Yes! Living Trusts are as important now as ever – possibly even more relevant today than in the past. 

Many people confuse the whopping $5,250,000 federal estate tax exemption with the threshold for probate. They are two completely different things. One is federal; the other, state. One is strictly a tax; the other has nothing to do with taxes. One has a very large threshold; the other, very small. 

The federal estate tax exemption of $5,250,000 per person means that for someone who passes away with assets below this amount, no estate taxes are due. 

Beneficiaries inherit everything tax-free. A couple can double this amount to make the first $10,500,000 estate tax-free. For 99+% of Americans, estate taxes are largely a thing of the past. 

Unfortunately, the same is not true for probate which conversely will affect 99+% of us. If you pass away with assets totaling a mere $20,000 titled in your name with no beneficiary designation, your estate will land very solidly in probate court. 

Probate is a state court proceeding required to clear title to assets held in your name to your beneficiaries. 

Is Probate Really that Bad? 

In a word, yes. The primary “costs” of probate are money, time and hassle. 

Probate fees typically run about 5% of the value of the estate with low percentage fees for larger estates. They consist of attorneys’ fees, executors’ fees, court costs, accountings, appraisals, publication fees, etc. 

Probates typically take a year or  so, on average, to complete. Some take much longer. Others, as short as five or six months. They take time even in simple, straightforward, uncontested cases.

Probates are public proceedings. They require time and effort and patience under even the best circumstances. 

Can’t I Avoid Probate By Holding My Assets in Joint Tenancy? 

Not really. Holding assets in joint tenancy merely defers probate until the death of the second joint tenant to pass away. 

For joint tenancy between spouses, you will lose income tax benefits on appreciated property. For assets held in a trust as community property, all built-in gain on both halves is entirely eliminated upon the death of the first to pass away. For joint tenancy property, only half of the gains are eliminated. 

What About Holding Assets in Joint Tenancy with My Children? 

Worse yet. Bad idea. Very bad idea. Why? As discussed above, you can lose tax benefits by holding assets in joint tenancy between spouses. Holding your assets in joint tenancy with your children is much worse. For example, if you have two children and hold your assets in joint tenancy with both of them, you now only eliminate one third of the gain when you pass away. With three children, you only eliminate one fourth of the gains, etc. 

By putting your children’s names on the title to any real estate or financial assets, any claimants or creditors of your children can attach your assets. You could end up losing your home or having all of your financial assets wiped out overnight. Bad. Very Bad. 

Isn’t It Easy to Simply Name my Children as Beneficiaries of All my 

Financial Accounts? 

Easy, yes. Wise, no. Why?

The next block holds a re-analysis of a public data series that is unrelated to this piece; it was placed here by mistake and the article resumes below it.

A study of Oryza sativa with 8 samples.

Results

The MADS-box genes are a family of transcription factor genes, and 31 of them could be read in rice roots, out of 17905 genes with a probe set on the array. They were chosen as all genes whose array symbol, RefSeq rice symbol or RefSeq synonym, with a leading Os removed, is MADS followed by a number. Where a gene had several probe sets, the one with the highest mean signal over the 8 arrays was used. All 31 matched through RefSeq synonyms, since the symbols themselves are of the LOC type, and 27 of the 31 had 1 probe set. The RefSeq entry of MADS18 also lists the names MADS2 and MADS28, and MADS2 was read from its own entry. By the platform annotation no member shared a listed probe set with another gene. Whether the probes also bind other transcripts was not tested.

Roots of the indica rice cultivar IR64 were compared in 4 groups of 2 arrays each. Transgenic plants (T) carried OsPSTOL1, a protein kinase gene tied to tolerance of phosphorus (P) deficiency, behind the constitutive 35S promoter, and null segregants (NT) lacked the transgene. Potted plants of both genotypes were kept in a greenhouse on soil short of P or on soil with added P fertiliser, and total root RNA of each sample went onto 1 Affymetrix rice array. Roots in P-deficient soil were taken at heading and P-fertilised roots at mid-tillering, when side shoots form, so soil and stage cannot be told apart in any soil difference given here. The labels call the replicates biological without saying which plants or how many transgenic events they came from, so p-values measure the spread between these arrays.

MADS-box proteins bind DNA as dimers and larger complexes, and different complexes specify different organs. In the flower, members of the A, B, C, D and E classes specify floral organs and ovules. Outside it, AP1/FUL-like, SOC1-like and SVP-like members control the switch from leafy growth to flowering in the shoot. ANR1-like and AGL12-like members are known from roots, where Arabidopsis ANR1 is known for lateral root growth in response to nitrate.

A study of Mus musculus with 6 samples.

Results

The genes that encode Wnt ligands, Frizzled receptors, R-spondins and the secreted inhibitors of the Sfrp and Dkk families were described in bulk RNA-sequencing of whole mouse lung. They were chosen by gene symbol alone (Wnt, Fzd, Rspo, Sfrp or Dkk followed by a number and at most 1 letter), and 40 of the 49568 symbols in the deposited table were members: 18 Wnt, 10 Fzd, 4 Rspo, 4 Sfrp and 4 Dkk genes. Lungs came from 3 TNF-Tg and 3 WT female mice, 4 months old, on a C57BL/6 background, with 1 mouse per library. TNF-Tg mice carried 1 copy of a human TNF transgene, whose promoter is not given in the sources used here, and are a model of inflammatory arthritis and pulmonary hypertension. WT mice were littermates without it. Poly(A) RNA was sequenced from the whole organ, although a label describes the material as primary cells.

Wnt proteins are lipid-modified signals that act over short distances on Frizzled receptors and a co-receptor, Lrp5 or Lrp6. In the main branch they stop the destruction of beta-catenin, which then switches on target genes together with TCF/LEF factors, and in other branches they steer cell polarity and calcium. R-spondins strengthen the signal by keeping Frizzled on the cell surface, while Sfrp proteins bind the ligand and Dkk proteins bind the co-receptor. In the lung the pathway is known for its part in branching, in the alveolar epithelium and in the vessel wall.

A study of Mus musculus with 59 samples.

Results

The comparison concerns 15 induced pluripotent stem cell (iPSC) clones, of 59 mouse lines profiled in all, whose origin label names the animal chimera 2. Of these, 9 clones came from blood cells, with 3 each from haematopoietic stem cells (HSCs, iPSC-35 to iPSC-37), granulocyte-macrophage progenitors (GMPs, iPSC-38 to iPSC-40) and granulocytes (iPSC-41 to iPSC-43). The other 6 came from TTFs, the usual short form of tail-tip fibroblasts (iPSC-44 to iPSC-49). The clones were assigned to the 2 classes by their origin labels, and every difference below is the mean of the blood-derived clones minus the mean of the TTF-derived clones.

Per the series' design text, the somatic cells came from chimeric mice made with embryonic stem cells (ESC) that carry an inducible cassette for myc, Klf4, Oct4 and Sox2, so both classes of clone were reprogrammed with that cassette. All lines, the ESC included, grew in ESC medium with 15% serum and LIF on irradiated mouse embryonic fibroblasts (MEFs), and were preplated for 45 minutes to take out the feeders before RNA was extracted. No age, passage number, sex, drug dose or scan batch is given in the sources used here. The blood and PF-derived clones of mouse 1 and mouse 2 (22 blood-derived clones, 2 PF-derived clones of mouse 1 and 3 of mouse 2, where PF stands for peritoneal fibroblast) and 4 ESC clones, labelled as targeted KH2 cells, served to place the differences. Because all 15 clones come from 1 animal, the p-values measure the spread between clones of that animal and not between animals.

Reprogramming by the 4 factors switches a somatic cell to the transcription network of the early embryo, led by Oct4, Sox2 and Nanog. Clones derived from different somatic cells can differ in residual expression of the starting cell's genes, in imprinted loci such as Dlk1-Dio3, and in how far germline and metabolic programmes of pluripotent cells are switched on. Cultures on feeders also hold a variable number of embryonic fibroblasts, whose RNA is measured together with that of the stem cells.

Simply naming someone as a beneficiary doesn’t take into account any changed or special circumstances. What if your child is going through a divorce, is getting ready to file bankruptcy, was in a car wreck, incurred some significant medical debt, etc. That may not be the best time for your child to inherit assets. You want your assets to go to your child and not your child’s creditors or ex-spouse. Holding assets in a trust can solve all of these and many other potential problems. 

The one exception to this is beneficiary designations for IRAs, 401(k)s or other tax-advantaged accounts. For these, you generally do want your children named individually as beneficiaries. There are significant income tax benefits for them getting a “stretch out” on inherited funds. 

Lastly, if one of your children predeceases you, his or her children (your grandchildren) will be automatically disinherited. This need not happen if your assets are held in trust. 

Can I Avoid Probate Without Losing Tax Benefits? 

Yes. The good news is that probates are strictly optional. All you have to do is create a trust while you are alive and transfer title to your assets into your trust, and voila! No probate. 

Asset Protection for Your 

Is a living trust more than just avoiding probate? Yes In my opinion, an even more significant aspect of a living trust is protecting your beneficiaries. What most people don’t realize is that with a properly drafted living trust, you can provide 100% asset protection to your beneficiaries throughout their lives. Your trust can serve as a “built-in” prenuptial agreement to protect your beneficiaries in a dissolution of their marriage. 

It can give your beneficiaries 100% protection over the assets bequeathed to them against any future lawsuits, car accidents, business failures  or bankruptcies. In short, living trusts can be a very powerful tool to protect your beneficiaries from any financial catastrophe throughout their lives.


The primary benefits of living trusts are to keep your heirs out of court and to enable them to inherit your assets completely protected from all third parties throughout their lives. By taking the time and effort to get your planning in place now, you will be doing your loved ones a great service and providing a great benefit to them in the future.